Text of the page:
Glutamate paths surface in schizophrenia

Much evidence implicates the chemical messenger known as glutamate in brain development. Now, a trio of new studies adds to growing suspicions that disturbed dispersal of this neurotransmitter in two closely related brain areas underlies schizophrenia, a severe mental disorder that afflicts an estimated 1 in 100 adults worldwide.

The investigations link schizophrenia to altered glutamate transmission between the thalamus and the frontal cortex. The thalamus serves as a relay station for messages between the cortex and the rest of the brain. The frontal cortex facilitates social reasoning and analytical thinking. In people, these structures develop anatomical links before birth (SN: 9/1/01, p. 132: Human Brains May Take Unique Turn).

The new data suggest that “in two interrelated brain regions, elements of [glutamate] transmission are altered in schizophrenia,” says psychiatrist Carol A. Tamminga of the University of Maryland in Baltimore. The three reports appear in the September American Journal of Psychiatry.

Glutamate boosts cell activity throughout the brain. It acts on a complex mix of receptors on cell surfaces and gets a lift from certain proteins.

Evidence of altered glutamate transmission in schizophrenia has emerged in the past decade. Researchers have found that drugs that block N-methyl-D-aspartic acid (NMDA) receptors, one of the sites of glutamate activity, induce brief psychotic symptoms in healthy volunteers and make them worse in people with schizophrenia.

However, it’s not clear whether these medications work by dampening glutamate’s effects on brain cells or ultimately strengthening a variety of transmission routes and thus creating a glutamate glut.

One of the new studies supports the latter possibility. Neuroscientist Vahram Haroutunian of the Bronx Veteran Affairs Medical Center in New York and his coworkers focused on three of five known chemical components of NMDA receptors, each of which is regulated by different genes.

Using cloned products of these genes as probes, the researchers found elevated activity of two NMDA-receptor components in frontal-cortex tissue from the brains of 26 deceased people who had been hospitalized for schizophrenia. In the same tissue, Haroutunian’s group also uncovered intensified activity of a protein implicated in glutamate uptake.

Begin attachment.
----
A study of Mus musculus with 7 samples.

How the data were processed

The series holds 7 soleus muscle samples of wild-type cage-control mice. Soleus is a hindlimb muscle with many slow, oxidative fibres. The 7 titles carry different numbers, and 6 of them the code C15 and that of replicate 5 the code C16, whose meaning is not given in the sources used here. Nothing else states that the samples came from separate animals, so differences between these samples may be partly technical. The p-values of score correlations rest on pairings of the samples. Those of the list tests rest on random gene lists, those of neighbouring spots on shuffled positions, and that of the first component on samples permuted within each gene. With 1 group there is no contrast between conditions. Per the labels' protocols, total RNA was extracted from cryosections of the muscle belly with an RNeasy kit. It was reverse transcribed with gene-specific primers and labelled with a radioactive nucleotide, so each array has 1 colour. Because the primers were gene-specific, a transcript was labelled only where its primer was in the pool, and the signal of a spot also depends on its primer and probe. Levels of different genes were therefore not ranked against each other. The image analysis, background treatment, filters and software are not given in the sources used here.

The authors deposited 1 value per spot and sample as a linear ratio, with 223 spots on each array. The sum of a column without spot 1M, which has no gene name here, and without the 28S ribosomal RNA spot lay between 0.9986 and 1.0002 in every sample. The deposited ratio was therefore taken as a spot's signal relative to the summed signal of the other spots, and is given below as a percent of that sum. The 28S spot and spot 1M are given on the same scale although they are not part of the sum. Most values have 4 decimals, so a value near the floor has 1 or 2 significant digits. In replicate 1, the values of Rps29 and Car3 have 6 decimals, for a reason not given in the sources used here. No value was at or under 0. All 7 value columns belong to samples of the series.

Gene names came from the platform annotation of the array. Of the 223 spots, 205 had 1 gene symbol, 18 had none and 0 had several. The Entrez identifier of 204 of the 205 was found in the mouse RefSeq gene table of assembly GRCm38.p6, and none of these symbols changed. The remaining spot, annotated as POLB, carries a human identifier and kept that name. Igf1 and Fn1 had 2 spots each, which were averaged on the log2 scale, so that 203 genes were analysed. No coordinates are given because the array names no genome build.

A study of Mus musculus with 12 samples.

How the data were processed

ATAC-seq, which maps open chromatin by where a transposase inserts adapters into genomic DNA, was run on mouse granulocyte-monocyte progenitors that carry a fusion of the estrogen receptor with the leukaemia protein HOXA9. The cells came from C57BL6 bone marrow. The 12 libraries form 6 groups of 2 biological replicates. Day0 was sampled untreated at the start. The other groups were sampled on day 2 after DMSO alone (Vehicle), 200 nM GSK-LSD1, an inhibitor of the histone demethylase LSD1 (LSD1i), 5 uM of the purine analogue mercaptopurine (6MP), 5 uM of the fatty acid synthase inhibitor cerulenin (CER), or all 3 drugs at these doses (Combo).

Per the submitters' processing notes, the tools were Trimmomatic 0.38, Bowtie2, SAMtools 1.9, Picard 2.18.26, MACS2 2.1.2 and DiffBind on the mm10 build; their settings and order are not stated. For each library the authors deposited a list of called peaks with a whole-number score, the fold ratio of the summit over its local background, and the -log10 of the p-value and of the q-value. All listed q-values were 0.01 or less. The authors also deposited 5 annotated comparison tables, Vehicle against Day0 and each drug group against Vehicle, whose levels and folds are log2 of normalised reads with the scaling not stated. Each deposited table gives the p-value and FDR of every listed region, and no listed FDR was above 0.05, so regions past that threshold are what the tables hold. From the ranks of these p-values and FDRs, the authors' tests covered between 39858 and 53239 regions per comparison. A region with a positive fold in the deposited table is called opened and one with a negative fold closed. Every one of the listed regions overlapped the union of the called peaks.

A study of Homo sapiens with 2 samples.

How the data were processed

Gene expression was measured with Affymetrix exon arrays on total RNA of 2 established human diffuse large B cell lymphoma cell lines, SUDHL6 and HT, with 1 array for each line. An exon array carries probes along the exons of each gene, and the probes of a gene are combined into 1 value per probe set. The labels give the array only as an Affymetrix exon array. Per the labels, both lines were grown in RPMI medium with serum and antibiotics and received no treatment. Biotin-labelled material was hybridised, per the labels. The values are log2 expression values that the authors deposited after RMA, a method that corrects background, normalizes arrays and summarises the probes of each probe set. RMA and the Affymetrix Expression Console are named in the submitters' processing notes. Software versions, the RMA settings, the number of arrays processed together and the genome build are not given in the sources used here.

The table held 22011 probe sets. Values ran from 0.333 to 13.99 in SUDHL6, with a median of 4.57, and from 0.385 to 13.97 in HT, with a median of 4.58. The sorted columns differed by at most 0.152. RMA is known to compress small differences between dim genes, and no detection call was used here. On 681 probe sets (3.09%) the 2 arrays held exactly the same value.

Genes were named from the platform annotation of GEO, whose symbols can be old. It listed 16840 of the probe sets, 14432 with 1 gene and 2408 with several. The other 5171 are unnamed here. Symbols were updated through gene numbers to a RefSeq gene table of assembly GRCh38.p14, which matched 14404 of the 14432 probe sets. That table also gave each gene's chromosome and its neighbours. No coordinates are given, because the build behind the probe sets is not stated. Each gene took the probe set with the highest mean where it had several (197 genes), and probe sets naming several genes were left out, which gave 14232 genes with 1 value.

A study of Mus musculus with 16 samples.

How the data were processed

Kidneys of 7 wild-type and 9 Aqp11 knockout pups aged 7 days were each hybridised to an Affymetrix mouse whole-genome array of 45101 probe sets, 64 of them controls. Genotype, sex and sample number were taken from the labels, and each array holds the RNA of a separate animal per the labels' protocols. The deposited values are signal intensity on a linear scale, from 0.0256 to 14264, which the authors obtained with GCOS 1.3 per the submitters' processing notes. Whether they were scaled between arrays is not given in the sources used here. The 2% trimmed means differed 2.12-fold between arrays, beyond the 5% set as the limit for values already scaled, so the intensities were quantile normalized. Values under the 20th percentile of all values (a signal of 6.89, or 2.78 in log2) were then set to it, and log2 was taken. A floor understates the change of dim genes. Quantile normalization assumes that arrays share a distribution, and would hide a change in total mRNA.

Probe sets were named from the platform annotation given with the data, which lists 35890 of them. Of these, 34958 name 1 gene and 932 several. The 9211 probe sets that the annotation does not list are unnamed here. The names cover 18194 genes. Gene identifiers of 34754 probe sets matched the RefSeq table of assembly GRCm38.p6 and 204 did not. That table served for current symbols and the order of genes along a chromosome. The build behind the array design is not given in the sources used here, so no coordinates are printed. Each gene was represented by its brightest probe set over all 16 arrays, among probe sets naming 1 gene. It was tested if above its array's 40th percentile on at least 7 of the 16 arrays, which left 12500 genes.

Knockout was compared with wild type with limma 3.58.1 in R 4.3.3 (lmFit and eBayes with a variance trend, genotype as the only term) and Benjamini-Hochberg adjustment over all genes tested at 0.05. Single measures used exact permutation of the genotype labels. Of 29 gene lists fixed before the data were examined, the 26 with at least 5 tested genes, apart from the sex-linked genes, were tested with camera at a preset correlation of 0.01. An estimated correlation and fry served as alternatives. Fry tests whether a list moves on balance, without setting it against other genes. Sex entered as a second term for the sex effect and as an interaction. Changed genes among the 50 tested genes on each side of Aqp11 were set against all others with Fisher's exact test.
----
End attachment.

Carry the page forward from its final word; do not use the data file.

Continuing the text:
When tested in the same way, frontal tissue from 13 deceased adults who had no psychiatric disorders exhibited modest NMDA receptor and protein responses. The brains of a third group, 10 deceased adults who had been diagnosed with Alzheimer’s disease, displayed particularly low responses on these tests.

A second study, led by psychiatrist Robert E. Smith of the University of Michigan Medical School in Ann Arbor, measured activity of two amino acids that act as glutamate transporters, carrying the neurotransmitter from one cell to the next. In thalamic tissue taken from 12 deceased people who had been hospitalized for schizophrenia, this activity was greater than in tissue from other people.

The same amino acids showed substantially lower activity in thalamic tissue taken from eight deceased adults who had no psychiatric ailments.

The third study, led by psychiatrist David A. Lewis of the University of Pittsburgh, used a protein marker that identifies certain cells in a frontal-cortex area that maintains close contacts with the thalamus. Brains from 20 deceased people who had been treated for schizophrenia showed fewer of those cells than did brains from both mentally healthy and depressed people, Lewis’ group says.

In these three studies, results didn’t seem influenced by whether the people with schizophrenia were male or female and had or hadn’t used antipsychotic drugs.

Bruce Bower has written about the behavioral sciences for Science News since 1984. He writes about psychology, anthropology, archaeology and mental health issues.